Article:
Mr. Kleindienst overrode their concerns with an opinion from the Justice Department’s legal counsel, William Rehnquist, who had been his protégé in their home state, Arizona. Mr. Rehnquist said the act didn’t apply; the president had “inherent constitutional authority” to use troops “to protect the functioning of the government.” (Mr. Rehnquist would be named to the Supreme Court by Mr. Nixon later that year and elevated to chief justice under President Ronald Reagan.)
Mr. Kleindienst faced another obstacle. David Packard, the deputy secretary of defense, pointed out the procedures a president should follow, under the Insurrection Act, in calling forth the military: a formal order that demonstrators disperse and, if they don’t, an executive order to send in troops. Mr. Nixon’s predecessor, Lyndon Johnson, had done this during the riots in Washington in 1968 after the assassination of Martin Luther King Jr. The White House, however, wanted to keep its involvement under wraps. According to Mr. Haldeman’s diary, Mr. Nixon let Mr. Packard know he wanted troops sent without any public presidential action. The White House spread the fake news that city officials had requested the military help.
In contrast, Mr. Trump has been open about his desire to send troops to “dominate” streets in cities with Black Lives Matter protests. After Defense Secretary Mark Esper and the chairman of the Joint Chiefs of Staff, Gen. Mark Milley, stood in the way of using active-duty military, the president dispatched forces from agencies including Customs and Border Protection. In June, those agents cleared peaceful demonstrators from Lafayette Square outside the White House for the president’s now-famous photo op in front of a church. In Portland, Ore., they used tear gas and other riot tools to disperse largely peaceful protesters outside the federal courthouse.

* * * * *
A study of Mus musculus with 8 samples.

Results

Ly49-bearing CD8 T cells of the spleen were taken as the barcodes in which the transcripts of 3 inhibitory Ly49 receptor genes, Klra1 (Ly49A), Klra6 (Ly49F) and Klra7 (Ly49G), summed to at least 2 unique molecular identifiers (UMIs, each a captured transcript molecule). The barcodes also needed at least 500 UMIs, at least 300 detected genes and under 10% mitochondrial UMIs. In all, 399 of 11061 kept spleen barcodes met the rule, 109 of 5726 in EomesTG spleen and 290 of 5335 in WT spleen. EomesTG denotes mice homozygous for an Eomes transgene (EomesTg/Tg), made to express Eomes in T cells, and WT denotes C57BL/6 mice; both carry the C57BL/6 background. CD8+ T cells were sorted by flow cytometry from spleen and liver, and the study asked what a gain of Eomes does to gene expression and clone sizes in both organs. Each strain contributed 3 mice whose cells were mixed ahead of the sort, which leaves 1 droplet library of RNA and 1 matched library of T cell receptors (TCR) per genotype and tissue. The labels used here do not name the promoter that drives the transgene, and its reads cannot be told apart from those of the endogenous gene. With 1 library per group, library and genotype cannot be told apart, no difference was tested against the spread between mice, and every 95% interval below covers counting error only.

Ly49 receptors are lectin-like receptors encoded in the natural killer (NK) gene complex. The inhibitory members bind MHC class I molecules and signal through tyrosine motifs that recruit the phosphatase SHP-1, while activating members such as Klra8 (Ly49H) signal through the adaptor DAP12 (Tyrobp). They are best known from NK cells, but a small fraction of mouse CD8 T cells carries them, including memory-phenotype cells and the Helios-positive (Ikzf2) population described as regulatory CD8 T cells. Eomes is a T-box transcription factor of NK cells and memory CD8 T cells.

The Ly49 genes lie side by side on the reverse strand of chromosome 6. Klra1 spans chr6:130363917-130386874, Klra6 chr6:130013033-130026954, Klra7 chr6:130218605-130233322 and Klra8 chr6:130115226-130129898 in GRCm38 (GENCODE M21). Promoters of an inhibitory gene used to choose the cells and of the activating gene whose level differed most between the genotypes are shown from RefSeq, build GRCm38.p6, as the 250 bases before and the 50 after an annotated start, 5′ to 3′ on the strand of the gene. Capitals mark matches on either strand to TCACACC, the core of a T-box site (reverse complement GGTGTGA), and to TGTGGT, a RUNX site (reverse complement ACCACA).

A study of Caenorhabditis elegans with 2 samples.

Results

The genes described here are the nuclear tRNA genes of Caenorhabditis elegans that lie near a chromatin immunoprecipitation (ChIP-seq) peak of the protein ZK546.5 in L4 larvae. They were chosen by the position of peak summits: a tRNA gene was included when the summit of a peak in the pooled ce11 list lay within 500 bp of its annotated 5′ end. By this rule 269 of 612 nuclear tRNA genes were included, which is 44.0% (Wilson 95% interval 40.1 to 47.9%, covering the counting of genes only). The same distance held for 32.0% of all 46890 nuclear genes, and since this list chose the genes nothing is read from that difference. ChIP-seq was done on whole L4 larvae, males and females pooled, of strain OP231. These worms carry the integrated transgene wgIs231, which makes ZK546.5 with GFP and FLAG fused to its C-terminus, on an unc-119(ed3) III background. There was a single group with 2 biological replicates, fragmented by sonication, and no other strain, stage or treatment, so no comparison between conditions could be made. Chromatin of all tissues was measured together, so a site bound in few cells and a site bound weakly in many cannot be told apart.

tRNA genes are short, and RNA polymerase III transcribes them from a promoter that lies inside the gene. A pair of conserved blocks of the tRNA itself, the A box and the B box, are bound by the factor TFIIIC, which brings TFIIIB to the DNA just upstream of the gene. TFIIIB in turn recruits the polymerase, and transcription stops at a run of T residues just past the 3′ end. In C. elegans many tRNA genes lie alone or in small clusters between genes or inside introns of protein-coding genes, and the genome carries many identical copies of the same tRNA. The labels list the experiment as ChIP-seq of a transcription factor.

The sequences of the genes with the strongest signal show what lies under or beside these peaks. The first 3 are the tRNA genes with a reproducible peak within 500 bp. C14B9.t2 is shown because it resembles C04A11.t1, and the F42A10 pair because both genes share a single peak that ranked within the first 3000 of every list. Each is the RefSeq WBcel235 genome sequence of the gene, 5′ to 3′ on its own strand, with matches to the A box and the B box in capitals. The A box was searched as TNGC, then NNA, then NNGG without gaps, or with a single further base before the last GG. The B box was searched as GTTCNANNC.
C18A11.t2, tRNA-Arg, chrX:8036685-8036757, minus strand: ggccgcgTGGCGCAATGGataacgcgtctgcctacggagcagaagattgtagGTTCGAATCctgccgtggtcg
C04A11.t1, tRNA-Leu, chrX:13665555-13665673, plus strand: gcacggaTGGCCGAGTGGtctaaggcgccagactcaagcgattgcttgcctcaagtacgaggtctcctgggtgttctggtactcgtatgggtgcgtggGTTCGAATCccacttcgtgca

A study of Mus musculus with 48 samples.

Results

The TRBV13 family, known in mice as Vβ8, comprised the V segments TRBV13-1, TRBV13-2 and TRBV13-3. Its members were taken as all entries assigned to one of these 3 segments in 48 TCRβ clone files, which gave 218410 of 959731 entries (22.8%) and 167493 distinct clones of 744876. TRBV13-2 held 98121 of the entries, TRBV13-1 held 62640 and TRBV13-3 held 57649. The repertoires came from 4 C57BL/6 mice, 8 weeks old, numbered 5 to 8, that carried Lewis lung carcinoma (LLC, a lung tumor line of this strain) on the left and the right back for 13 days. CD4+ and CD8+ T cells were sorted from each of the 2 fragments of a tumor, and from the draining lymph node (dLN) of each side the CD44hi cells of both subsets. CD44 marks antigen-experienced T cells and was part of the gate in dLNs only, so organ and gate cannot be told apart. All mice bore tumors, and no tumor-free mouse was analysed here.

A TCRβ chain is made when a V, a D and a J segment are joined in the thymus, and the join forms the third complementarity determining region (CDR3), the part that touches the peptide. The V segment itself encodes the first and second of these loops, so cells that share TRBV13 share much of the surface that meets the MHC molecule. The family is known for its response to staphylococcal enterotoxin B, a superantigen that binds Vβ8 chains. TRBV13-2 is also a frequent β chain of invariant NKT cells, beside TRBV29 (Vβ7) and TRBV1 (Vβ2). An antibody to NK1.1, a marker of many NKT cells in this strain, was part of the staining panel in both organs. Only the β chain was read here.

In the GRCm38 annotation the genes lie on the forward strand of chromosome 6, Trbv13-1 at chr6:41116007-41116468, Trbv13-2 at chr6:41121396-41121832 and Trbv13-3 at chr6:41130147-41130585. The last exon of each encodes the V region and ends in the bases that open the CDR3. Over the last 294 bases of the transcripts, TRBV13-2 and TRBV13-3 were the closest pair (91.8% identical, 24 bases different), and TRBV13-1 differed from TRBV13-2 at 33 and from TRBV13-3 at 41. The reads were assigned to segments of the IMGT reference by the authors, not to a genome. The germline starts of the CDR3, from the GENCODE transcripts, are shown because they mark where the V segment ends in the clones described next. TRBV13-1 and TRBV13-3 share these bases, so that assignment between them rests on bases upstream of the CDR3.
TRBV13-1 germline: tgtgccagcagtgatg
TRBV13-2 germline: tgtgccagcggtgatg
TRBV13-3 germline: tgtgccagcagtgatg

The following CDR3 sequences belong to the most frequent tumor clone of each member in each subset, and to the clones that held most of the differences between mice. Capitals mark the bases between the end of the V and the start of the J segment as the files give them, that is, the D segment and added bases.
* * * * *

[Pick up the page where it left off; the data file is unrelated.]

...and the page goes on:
During the 1971 Mayday action, as 12,000 people tried to snarl rush-hour traffic with nonviolent civil disobedience, a majority of the regular troops fended off protesters at bridges and federal buildings, or guarded large groups of detained protesters. Most soldiers didn’t confront demonstrators directly, but their presence and hardware bolstered the authoritarian tactics and escalated tensions. A police dragnet swept up 7,000 people that Monday, including many young people just walking on the streets wearing hippie-style clothing, and took in more than 5,000 other demonstrators over the next two days. My research confirmed that Mr. Nixon gave the order to make the mass arrests. He made it clear later to a group of conservative members of Congress: “The point is, I had the responsibility,” he told them. “I approved this plan.”
As criticism mounted that the dragnet was unconstitutional (courts ultimately agreed, awarding detainees millions in damages), Mr. Nixon’s involvement was suspected. The White House denied it. Aides instructed the police chief, Mr. Wilson, to take the heat. “I wish to emphasize the fact that I made all tactical decisions relating to the recent disorders,” he said in a public statement. “I took these steps because I felt they were necessary to protect the safety of law-abiding citizens and to maintain order in the city.” The tapes show Mr. Nixon’s men were delighted.
“Wilson went to the mat today,” Mr. Ehrlichman confirmed to Mr. Nixon. “Good for him!” the president said. Mr. Ehrlichman added, “We programmed him to do this this morning, and he did better than you could possibly have programmed.” He went on: “He has never let us down yet.”
No military leader expressed second thoughts in the weeks after Mayday.
But in June, after General Milley accompanied Mr. Trump to Lafayette Square wearing combat fatigues as protesters were dispersed by federal agents and police, he said he regretted taking part.